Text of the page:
I've seen it myself, and you probably have too. Some course of action or project is started, and it becomes apparent that it cannot succeed. Maybe it's a bad idea to start with, or it could be that limited resources do not permit success. Yet a stubborn business leader insists that the course must be followed, all the way to the end. And the end is certain failure, recognized by everybody.
Such projects suck up the resources that are available--resources that could be better used on productive projects. They drain people of their energy and leave the company worse off than before.
I guess it's a hard thing to admit that an idea is a bad one, and to call it off before more damage is done. But stopping this destructive train ride is necessary to prevent a disaster. Many business leaders lack the courage to make calls like this. Why?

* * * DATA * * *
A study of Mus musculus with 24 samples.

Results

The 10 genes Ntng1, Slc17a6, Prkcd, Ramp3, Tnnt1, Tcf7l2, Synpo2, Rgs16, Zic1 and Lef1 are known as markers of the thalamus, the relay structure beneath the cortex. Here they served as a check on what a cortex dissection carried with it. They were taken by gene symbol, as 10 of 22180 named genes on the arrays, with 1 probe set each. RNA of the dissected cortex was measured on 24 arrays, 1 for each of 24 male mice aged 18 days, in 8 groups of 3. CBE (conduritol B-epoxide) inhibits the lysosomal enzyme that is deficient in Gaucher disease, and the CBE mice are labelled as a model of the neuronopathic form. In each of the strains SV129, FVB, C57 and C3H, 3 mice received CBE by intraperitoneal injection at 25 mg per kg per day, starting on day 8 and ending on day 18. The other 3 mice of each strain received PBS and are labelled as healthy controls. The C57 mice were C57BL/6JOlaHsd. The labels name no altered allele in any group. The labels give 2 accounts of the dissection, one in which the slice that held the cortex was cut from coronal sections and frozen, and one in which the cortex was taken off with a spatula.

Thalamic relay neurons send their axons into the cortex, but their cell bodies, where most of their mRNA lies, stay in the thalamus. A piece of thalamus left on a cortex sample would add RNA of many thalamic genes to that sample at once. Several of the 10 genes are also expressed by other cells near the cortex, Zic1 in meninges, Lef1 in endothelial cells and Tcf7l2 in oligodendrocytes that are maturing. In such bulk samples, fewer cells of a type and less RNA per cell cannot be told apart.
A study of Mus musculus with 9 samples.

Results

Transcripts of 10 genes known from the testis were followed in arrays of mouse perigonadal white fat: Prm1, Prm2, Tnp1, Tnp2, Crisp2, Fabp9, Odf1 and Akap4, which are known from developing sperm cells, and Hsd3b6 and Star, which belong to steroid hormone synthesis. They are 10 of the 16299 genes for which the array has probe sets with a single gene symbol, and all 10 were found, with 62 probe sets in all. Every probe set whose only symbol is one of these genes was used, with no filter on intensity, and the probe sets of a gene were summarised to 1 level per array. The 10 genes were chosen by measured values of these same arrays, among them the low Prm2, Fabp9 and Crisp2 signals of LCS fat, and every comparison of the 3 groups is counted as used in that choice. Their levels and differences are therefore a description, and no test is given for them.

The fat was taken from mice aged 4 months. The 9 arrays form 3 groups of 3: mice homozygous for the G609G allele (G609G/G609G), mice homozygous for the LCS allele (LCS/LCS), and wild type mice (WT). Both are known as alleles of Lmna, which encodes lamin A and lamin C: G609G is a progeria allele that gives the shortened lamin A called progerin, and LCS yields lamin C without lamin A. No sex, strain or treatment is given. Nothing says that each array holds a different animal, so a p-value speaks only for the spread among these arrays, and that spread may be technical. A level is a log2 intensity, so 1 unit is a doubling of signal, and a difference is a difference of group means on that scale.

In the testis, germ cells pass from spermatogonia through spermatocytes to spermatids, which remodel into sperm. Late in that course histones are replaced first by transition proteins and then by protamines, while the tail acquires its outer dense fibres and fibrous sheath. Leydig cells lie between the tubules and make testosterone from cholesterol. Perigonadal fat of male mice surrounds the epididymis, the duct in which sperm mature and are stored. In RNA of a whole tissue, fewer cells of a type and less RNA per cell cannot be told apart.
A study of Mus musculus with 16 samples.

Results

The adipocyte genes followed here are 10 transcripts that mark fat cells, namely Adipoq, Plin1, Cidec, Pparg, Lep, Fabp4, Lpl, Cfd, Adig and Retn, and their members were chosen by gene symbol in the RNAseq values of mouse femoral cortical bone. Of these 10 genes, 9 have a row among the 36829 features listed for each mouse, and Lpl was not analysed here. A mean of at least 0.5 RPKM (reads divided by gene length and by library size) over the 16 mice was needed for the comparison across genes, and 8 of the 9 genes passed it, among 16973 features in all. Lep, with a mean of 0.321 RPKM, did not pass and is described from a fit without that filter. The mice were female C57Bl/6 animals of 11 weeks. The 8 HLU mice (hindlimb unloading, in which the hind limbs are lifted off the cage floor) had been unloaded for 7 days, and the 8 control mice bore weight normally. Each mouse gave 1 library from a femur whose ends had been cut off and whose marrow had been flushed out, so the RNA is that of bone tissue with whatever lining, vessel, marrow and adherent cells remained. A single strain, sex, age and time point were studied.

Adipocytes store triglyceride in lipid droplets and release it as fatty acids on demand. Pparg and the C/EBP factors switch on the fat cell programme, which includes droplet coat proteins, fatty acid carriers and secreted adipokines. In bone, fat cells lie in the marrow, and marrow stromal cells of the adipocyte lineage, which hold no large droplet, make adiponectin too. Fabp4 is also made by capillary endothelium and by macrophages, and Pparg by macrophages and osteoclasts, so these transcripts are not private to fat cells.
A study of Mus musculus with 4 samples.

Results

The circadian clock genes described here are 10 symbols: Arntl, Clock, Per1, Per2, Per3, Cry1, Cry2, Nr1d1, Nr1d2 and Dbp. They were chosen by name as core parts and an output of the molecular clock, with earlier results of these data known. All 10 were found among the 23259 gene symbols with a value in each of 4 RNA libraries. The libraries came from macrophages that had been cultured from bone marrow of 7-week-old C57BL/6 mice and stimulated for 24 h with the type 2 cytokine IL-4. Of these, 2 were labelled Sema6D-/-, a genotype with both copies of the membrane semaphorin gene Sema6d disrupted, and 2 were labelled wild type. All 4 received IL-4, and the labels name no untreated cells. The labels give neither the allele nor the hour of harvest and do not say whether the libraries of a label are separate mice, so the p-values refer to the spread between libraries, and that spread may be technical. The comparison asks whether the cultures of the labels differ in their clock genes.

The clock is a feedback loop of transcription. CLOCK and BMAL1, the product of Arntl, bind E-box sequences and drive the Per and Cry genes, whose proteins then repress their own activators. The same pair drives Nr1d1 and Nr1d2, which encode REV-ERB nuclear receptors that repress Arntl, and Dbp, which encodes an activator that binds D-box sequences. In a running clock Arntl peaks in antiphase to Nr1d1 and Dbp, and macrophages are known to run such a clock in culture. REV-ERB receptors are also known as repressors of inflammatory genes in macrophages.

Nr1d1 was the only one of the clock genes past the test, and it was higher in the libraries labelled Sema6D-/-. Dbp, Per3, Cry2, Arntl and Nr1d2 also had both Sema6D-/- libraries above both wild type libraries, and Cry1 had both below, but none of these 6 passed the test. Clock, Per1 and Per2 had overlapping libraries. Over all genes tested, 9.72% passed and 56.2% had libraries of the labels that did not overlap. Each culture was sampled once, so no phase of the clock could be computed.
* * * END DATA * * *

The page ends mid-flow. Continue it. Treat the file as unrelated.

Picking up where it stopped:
This article offers a reason.
My experience shows that the ones who are most likely to be devoted to a failure in progress are also the ones more prone to think highly of their own leadership abilities and their capacity to "see through to core issues." In other words, the bigger the ego, the more frequent the failures.
A former boss of mine was so into his own self importance that he would even go so far as to gather key people and instruct them to lie to the business owner about failing projects by saying things were going well. The company was bleeding money, and he wanted more of it! Of course, a project that you have to lie about is never going to succeed, and instructing people to engage in such dishonesty should be grounds for immediate termination of employment.